Here’s a surprsie: Finland is the world’s most competitive economy — despite having one of the world’s highest tax rates. This is according to a study by the World Economic Forum: The Global Competitiveness Report 2003-2004. The United States came in second.
The annual ranking on competitiveness ranks the Scandanavian countries as world leaders for all-round ability to succeed in the global economy. Finland comes first for the third time in four years in the study, but Sweden, Norway and Denmark are now all in the top six places — and Taiwan in the fourth position.
Here’s an extract from the Global Competitiveness Report 2003-2004 by Professor Klaus Schwab:
Recent events — from the difficult reconstruction efforts under way in Afghanistan and Iraq to efforts to deal with large humanitarian crises in various parts of Africa — have brought into focus the importance of concerted international action to safeguard and strengthen security and stability.
Yet a continuing lack of public confidence in national institutions and governments and a growing awareness of institutional weaknesses at the international level risk slowing the development process down in many parts of the world.
Against this somber backdrop, one cause for some optimism is the growing recognition that the rule of law and the existence of credible and efficient public institutions are essential prerequisites for sustainable economic development.
The Executive Opinion Survey carried out by the World Economic Forum, the backbone of our work on competitiveness issues, provides ample evidence of this.
Scoring Countries on Growth
WHat criteria did the WEF say was critical to “sustained economic growth?” There were three keys: quality of economic policies, the state of public institutions (such as courts), and technological prowess.
The scoring system fuses data, such as macroeconomic performance indicators, with findings from a survey of 8,700 senior business executives from 104 countries.
The WSJ observed:
“The Nordic countries are rising in overall pre-eminence, doing well across the board,” says Augusto Lopes-Claros, the forum’s chief economist. The study gives more weight to the Nordic nations’ low levels of corruption than their high levels of taxes: Over 30% of respondents said tax rates were the biggest drawback to doing business in Finland, for example.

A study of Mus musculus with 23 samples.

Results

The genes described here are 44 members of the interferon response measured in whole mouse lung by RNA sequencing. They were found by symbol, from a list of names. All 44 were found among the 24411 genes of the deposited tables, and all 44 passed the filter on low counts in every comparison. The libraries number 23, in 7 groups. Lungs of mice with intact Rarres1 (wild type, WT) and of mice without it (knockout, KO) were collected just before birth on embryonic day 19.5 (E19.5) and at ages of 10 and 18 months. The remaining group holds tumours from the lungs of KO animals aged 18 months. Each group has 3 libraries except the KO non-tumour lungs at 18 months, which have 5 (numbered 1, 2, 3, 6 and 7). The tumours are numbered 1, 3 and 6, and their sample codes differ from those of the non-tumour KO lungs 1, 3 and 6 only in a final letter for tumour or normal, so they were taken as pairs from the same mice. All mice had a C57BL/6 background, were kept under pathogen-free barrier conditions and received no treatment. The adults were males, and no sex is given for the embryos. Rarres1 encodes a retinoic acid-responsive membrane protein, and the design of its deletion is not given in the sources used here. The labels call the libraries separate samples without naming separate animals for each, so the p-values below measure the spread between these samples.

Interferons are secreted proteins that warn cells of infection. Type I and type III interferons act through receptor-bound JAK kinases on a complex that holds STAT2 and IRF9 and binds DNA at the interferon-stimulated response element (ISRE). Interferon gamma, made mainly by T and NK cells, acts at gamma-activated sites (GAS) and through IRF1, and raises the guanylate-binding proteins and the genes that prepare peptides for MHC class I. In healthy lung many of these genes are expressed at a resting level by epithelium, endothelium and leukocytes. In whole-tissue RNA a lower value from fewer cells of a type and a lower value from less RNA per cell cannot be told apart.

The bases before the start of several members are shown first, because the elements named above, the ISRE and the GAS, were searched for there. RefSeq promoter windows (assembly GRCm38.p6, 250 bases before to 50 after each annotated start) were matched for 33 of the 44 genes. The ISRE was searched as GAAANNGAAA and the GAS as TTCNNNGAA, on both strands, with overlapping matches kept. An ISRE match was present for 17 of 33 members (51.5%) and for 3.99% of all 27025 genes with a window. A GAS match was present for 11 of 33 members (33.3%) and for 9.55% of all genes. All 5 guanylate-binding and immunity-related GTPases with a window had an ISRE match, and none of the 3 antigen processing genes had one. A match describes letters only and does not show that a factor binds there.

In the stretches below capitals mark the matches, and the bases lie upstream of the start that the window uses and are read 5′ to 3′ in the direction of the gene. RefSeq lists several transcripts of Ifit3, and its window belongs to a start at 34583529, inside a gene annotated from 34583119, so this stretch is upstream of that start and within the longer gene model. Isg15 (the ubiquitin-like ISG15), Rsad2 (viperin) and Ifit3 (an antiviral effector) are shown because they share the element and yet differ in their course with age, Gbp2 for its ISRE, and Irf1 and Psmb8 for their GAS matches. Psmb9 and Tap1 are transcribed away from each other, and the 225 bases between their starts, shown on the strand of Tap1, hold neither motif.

In contrast, the study gives only mediocre ratings to the emerging powerhouses of the world economy, China (ranked No. 46, down two places from last year) and India (ranked No. 55, up one place).
“China has an incredibly good macroeconomic performance, but it has problems on its institutional side, including its banking system,” says Mr. Lopes-Claros. “At the moment, some of its inadequacies in public institutions are being disguised by a booming economy,” he says. Reform in China could become more pressing if the U.S. becomes less willing to import quite so many Chinese goods in coming years, he says.
Taiwan (No. 4) and Singapore (No. 7) are the highest Asian countries, because of the former’s strong grasp of technology production and research and the latter’s solid economic environment, the report says. Japan, which was No. 9, has risen from 21 in 2001, boosted in part by the nation’s economic recovery.
Elsewhere in Europe, the United Kingdom jumped four places higher to No. 11, while Italy slumped to No. 47, down from No. 26 in 2001, and now has the lowest ranking among the 15 nations that were in the European Union before May. “Italy’s worsening performance affects all areas, with particularly sharp drops in the area of quality of public institutions,” the report said. Italy has a lower rank than many of the new EU countries.
Among those new EU members, Estonia rose two places to No. 20 and “is by a significant margin the most competitive economy among the 10 countries that joined the EU in May,” the report says.
At the bottom of the competitive list are countries in South and Central America, Asia and Africa, including Nicaragua, Madagascar, Honduras, Bolivia, Zimbabwe, Paraguay, Ethiopia, Bangladesh, Angola and Chad, which was last.
Fascinating stuff. Here’s the top 10 Countries on the WEF’s Growth Competition Index:
Global Competitiveness Report
The Global Competitiveness Report 2003-2004 Executive Summary
Nordic and Asian Nations Lead in Competitiveness
Finland Leads Again, U.S. Is No. 2 In World Economic Forum Study
By MARCUS WALKER
THE WALL STREET JOURNAL, October 13, 2004 11:05 a.m.